Pollack: A thorny issue

The Monday Morning Quarterback
A quick analysis of important economic data released over the last week

By Elliot D. Pollack & Company

While the outlook for the economy is very positive, particularly for Arizona, there is still one thorny issue to deal with. When the pandemic hit, millions of families with a sudden loss of income found they could not make rent or mortgage payments. Mortgage forbearance programs allowed them to postpone payments without penalty. Eviction moratoriums for renters were also put in place for an extended time period and many landlords and renters worked out modified payment plans. However, reality could be roaring back in the next few months.

In mid-January, 2.7 million homeowners were still on forbearance plans. But as required by the CARES Act, at the end of March, more than 600,000 homeowners will need to start making their monthly payments. And the remainder of those on forbearance plans will be required in later months to make payments as well unless there is an extension to the CARES Act.

Some homeowners, whose loans are backed by the government, won’t be required to make a lump sum payment to reimburse lenders for missed payments. For others, lenders could extend the terms of the forbearance, negotiate lower interest rates, or extend the term of the mortgage. But for those who can’t pay their mortgage or don’t have a job, they could face foreclosure. About 1.7 million more homeowners were seriously delinquent at the end of 2020 compared to 2019. The upside is that housing prices have risen by 9.4% across the country over the past year, so there is a chance some homeowners may come away with some cash in their pockets.

For renters, the ban on evictions was extended through the end of March by President Biden. Some states have extended the ban even longer. Nearly 20% of renters nationwide were behind on rent in December according to the U.S. Census Bureau. While the eviction bans are helpful in the near term, renters are still liable for their rent payments. Nothing in the federal legislation forgives a renter’s debts, it just protects the renter from eviction. Further, landlords and property owners have had to deal with their lenders if they fall behind on mortgage payments. To be successful, eviction moratoriums should be combined with rental assistance money or renters will never be able to repay all that is owed. Congress authorized $25 billion in rental assistance in December and another $25 billion is proposed as part of the new administration’s stimulus package.

Once the pandemic is behind us and jobs are recovered, there will still be potential problems facing renters unless relief is provided by federal and state legislatures. Tenants may be able to obtain some relief from their landlords through reduced monthly rent or long-term repayment plans. But for those who live paycheck to paycheck, the ability to repay several months of missed rent payment will be daunting without federal rent assistance.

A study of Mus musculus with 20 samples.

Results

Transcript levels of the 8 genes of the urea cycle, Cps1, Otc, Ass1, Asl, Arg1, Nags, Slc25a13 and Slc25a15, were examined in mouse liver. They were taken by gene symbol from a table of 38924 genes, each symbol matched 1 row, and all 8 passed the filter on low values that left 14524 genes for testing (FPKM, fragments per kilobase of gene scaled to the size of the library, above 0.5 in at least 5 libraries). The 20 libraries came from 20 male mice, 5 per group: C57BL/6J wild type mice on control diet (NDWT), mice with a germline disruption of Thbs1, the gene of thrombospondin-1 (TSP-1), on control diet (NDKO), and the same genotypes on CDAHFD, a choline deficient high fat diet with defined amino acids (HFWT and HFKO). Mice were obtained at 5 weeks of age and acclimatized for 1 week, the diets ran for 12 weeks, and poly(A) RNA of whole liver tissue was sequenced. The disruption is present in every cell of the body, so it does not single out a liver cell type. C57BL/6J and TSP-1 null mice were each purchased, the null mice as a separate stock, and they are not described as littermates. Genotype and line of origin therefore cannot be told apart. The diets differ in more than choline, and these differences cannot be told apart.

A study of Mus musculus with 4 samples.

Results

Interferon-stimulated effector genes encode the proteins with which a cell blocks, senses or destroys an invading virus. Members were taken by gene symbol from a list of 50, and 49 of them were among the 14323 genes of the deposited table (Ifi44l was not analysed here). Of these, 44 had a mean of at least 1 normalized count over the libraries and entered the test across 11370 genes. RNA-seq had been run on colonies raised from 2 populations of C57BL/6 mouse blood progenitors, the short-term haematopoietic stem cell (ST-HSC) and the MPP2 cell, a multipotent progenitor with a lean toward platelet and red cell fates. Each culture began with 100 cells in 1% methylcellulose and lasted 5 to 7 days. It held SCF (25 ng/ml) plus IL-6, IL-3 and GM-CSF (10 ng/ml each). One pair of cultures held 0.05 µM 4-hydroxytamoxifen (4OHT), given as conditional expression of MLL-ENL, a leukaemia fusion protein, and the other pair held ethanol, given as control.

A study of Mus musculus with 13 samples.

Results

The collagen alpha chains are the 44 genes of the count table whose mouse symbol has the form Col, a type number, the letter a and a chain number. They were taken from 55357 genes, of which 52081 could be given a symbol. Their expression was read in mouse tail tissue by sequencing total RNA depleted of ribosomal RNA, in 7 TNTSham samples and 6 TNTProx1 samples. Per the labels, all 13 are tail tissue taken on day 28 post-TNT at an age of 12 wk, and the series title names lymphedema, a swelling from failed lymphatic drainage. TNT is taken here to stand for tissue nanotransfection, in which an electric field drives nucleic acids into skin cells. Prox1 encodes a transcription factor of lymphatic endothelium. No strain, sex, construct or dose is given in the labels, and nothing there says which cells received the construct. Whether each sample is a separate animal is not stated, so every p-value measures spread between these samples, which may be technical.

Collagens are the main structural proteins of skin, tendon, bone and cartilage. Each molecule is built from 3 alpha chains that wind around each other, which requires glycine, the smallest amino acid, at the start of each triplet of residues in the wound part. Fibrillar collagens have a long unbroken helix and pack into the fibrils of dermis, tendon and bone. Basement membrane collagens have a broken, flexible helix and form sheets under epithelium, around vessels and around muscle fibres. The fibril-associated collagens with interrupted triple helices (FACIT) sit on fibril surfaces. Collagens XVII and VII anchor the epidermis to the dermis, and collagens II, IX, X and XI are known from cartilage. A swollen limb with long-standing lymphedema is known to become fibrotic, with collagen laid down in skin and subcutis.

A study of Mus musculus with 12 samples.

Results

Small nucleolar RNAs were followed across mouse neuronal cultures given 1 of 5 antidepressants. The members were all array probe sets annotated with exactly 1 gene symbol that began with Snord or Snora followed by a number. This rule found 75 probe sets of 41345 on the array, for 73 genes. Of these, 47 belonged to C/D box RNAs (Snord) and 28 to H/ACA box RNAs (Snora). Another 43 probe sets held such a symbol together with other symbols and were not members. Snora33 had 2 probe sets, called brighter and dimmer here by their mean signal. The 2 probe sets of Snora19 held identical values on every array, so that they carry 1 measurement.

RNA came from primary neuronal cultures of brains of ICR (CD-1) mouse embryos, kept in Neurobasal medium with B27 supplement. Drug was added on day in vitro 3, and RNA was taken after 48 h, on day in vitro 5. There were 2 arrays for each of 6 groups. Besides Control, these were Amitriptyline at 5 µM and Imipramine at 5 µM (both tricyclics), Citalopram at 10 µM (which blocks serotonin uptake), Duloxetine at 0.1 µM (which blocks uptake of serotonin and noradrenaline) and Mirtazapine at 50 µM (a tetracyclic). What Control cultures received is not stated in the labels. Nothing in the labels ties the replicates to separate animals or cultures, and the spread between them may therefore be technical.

So while the outlook for the economy is bright, there are still additional hurdles to overcome as we work out way out of the pandemic.

U.S. Snapshot:

  • The Blue Chip Economic Forecast panel increased their real GDP forecast for 2021 and 2022 on their February forecast. The panel expects the economy to grow at 4.9% in 2021 and 3.8% in 2022. The expected growth in 2021 and 2022 are well above the average growth the economy has experienced in the last decade. The panel points to the ramp up in vaccination and the expected additional stimulus as the reasons why their optimism on the economic growth has increased.
  • Overall inflation, as measured by the consumer price index, increased by 0.3% in January and 1.4% from a year ago. January’s growth is above the 0.2% seen in December. Core inflation (all items less food and energy) remained unchanged for the second consecutive month.
  • The Michigan Consumer Sentiment declined in February’s preliminary reading. The loss was concentrated among households with incomes below $75,000. The expected new round of fiscal stimulus would alleviate some of the concern among those households.
  • The number of job openings increased by 74,000 to 6.65 million in December. The number of hiring and separation both decline for the month. The drop in separations points to the decline in employment in December was primarily due to companies cutting hiring and not layoffs increasing.
  • The fiscal deficit jumped again in January as roughly $900 billion bill enacted by Congress began to take effect. The deficit reached $736 billion through the first four months of the fiscal year.

Arizona Snapshot:

  • Retail sales continued their recovery in December. Arizona reached $8.6 million in December up 7.7% from a year ago. Maricopa County saw gains of 9.2% to $6.2 million. This bodes well for the state and its counties.
  • Resales inventory continued to shrink in January according to the Tucson Association of Realtors. Total listings dropped to 881 down 61% from a year ago. Despite the low level of listing, the number of sales rose 9.1% from a year.